Int’l standards used in new Naira production – MINT

By Emma Ujah, Abuja Bureau Chief

The Nigerian Security Printing and Minting (NSPM) Plc also called MINT, Friday, allayed fears over the quality of the redesigned Naira notes, saying that best international best practice was followed in their production.

In a statement, the Managing Director, Mr.Ahmed Halilu, admitted that the new Naira notes losing their colours when rubbed on white surfaces oes not indicate poor quality of the notes.

According to him, “international practices have been deployed in the production of our national symbol, the Naira, and we shall continue to ensure that it meets international standards”.

Mr. Halilu said the new Naira notes “leave traces of intaglio inks when rubbed on plain white surfaces”.

He explained further: “the new Naira notes are of the same substrates and passed through the same printing processes and finishing procedures” as the old notes they are about to replace.”

He insisted that as such the new notes were, therefore, basically the same as the other notes in circulation.

The MD said that generally new notes were light when issued, but over time become heavier as they stay in circulation and on getting in contact with dirt and moisture.

According to him, “the second stage of currency printing (intaglio) requires a heavy deposit of special inks with fairly large particles to give a tactile feeling of the portraits as well as other raised prints by way of design”.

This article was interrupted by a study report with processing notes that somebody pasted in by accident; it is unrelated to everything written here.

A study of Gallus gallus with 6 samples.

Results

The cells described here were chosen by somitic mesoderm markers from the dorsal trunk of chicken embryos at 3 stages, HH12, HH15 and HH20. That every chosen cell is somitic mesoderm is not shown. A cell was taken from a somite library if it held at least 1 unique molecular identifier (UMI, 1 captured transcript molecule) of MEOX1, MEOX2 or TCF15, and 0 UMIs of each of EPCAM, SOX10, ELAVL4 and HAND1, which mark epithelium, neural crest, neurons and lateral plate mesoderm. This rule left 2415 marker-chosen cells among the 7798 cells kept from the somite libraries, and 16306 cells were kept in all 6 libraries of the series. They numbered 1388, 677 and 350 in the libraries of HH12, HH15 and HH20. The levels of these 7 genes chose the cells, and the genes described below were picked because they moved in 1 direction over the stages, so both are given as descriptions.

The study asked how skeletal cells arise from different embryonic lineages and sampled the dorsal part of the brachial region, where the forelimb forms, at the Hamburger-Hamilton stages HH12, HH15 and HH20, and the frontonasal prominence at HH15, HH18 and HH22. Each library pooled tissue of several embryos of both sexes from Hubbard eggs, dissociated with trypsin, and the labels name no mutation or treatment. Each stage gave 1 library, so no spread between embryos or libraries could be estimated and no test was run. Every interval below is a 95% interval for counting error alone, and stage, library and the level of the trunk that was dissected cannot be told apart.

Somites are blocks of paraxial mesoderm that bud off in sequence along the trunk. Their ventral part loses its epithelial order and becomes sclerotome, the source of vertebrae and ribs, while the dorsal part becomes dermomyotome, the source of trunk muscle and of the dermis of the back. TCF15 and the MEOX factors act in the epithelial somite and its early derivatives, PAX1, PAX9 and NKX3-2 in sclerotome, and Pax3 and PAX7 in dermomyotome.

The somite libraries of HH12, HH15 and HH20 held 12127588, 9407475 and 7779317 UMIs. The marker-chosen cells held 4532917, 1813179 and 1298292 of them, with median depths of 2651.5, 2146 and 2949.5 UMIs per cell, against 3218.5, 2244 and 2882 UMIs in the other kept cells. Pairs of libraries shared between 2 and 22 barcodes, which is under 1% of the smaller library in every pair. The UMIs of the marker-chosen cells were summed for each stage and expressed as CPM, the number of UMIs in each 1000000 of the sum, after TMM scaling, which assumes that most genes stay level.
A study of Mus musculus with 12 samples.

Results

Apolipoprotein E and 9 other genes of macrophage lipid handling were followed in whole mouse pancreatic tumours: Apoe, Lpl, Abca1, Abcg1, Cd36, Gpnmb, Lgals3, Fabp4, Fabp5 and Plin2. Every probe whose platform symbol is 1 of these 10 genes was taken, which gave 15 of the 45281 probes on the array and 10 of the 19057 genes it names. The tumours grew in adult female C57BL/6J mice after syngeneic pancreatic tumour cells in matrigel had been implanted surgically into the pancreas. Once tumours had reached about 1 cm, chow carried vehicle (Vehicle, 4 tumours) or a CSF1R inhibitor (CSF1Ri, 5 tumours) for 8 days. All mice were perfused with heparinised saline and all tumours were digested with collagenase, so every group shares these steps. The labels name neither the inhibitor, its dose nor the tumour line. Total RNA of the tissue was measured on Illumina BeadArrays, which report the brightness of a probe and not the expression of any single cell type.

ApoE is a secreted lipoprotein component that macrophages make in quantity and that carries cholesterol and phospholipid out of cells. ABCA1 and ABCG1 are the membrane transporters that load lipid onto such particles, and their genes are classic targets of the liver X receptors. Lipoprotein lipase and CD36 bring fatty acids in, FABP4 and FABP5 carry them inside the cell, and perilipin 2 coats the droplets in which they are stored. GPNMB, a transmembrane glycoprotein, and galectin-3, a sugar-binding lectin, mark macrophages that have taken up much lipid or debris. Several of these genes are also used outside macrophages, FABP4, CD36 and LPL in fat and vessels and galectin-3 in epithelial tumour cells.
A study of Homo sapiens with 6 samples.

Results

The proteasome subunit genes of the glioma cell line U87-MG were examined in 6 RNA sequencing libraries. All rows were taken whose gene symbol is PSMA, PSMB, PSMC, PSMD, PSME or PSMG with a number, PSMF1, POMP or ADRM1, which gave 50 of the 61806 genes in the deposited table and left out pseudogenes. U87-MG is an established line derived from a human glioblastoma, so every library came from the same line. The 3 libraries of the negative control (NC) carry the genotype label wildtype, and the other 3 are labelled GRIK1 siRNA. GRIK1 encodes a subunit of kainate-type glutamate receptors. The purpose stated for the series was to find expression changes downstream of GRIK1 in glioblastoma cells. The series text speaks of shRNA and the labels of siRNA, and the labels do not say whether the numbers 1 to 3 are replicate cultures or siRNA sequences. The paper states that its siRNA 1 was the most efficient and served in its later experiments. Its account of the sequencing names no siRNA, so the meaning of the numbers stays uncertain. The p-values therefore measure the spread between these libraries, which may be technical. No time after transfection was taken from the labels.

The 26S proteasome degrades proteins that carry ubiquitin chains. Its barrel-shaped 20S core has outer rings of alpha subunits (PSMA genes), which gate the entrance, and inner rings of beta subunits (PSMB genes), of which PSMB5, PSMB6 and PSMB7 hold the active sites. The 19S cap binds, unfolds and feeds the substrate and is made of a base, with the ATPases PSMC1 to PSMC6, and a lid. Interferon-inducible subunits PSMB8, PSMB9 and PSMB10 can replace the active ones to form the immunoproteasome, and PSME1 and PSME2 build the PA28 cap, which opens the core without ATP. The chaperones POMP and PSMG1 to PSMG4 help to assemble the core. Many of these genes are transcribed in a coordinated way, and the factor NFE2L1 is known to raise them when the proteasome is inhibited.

One of the properties of intaglio inks he stated “is non-solubility in water and ease of transfer (light stain) on plain white materials owing to the size of the particles”.

This ink he added was a security feature of all banknotes that easily differentiates them from forged or counterfeited notes.

The MINT boss stated that the Naira as the country’s legal tender was a national symbol and urged Nigerians and other users of the Naira banknotes not to subject the bank notes to experiments in order to prove a point.

Mr. Halilu said that his company has been meeting the currency needs of Nigeria “with the support of the Central Bank of Nigeria since 2014 and Nigeria has achieved zero importation of currency, developed local capacity and, to an extent, conserved foreign exchange within this period,” and that it would maintain international standards in producing the Naira.